The most powerful storm to hit the Caribbean islands of the Bahamas since records began has torn roofs from buildings and caused severe flooding.
Hurricane Dorian, a category five storm, has sustained winds of up to 180mph (285km/h).
A “life-threatening” storm surge of 23ft (7m) is also predicted in places, officials warn.
The hurricane is moving slowly westwards and may hit areas of the eastern US seaboard.
The US states of Florida, Georgia, North and South Carolina have all declared states of emergency.
Areas of the Abaco islands were under water after the storm hit the Bahamas’ Elbow Cay soon after midday (16:00 GMT) on Sunday.
The storm also battered Grand Bahama island with high winds and torrential rainfall.
Bahamas residents posted footage showing floodwaters engulfing some homes after high winds had torn their roofs off. Videos also show capsized boats floating in floodwaters filled with debris.
There are also reports of power cuts and limited access to internet around the country’s 700 islands.
The government has opened 14 shelters and names dozens of churches, schools and other buildings on its official lists of emergency shelters.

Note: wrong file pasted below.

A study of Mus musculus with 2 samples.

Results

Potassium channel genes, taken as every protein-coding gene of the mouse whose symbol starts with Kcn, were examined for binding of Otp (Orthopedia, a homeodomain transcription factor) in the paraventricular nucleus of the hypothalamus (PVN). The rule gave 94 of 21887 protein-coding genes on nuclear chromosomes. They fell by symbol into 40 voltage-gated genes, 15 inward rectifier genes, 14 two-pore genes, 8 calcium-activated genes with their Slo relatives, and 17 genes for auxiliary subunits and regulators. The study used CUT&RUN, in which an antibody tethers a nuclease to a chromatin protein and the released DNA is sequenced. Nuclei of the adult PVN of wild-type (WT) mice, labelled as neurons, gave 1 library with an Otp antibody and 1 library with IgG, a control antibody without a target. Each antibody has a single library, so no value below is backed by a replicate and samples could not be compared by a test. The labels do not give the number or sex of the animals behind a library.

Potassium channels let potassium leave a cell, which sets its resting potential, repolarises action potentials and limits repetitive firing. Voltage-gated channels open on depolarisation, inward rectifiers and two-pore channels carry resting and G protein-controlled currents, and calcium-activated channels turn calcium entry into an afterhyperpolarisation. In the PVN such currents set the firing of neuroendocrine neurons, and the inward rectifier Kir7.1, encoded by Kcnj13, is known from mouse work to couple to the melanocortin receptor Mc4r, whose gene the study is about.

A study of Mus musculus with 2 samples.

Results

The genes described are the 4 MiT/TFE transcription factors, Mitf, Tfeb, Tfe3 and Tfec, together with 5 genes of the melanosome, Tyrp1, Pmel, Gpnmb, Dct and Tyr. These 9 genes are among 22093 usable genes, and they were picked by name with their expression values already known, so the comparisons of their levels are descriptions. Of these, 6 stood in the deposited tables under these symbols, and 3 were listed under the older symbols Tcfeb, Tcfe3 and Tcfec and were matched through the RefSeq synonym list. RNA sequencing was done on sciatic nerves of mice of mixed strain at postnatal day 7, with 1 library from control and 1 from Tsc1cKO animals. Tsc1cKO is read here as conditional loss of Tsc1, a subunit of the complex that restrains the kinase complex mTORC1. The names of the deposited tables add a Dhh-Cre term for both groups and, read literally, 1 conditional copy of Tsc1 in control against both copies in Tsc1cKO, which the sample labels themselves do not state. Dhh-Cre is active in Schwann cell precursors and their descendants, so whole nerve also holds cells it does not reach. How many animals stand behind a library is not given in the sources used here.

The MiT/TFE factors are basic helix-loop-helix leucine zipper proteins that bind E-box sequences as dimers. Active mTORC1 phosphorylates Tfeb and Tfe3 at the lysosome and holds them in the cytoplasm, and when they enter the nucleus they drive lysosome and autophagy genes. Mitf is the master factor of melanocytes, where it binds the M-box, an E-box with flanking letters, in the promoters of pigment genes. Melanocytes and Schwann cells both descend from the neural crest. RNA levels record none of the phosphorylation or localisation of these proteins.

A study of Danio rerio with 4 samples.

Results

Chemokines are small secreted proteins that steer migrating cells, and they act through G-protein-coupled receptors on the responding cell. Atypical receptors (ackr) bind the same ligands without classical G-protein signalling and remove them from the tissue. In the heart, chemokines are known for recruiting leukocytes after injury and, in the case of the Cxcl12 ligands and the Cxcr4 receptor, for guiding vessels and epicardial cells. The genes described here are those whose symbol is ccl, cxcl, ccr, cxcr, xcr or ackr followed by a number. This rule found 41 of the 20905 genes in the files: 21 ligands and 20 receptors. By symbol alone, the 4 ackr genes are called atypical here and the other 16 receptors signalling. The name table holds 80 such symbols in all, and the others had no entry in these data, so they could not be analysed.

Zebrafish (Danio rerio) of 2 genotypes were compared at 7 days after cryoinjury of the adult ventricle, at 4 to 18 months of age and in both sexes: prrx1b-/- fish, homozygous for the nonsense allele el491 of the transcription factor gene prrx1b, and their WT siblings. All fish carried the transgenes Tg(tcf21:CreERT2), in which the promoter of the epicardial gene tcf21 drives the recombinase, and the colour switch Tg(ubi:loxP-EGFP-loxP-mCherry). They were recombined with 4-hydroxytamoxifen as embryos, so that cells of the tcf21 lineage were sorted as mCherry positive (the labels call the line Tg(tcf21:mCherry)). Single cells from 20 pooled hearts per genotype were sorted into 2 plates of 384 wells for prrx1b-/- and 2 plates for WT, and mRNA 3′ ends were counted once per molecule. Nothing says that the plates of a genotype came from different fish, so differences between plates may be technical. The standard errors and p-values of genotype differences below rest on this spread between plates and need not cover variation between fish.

But as sites become full, there is concern that people will be forced to take refuge in other places that aren’t listed to receive food and water from the government.
Louby Georges, director of international affairs for Human Rights Bahamas, told the New York Times that some residents were becoming desperate.
“People are sending voice notes, people are crying,” he said. “You can hear people hollering in the background.”
Officials have also expressed dismay over some residents choosing to ignore evacuation orders.
“The end could be fatal,” said Samuel Butler, assistant police commissioner. “We ask you, we beg you, we plead with you to get to a place of safety.”
Dorian is expected to continue to move over Grand Bahama Island on Monday.
It is then due to move closer to Florida’s east coast late on Monday and through to Tuesday night local time.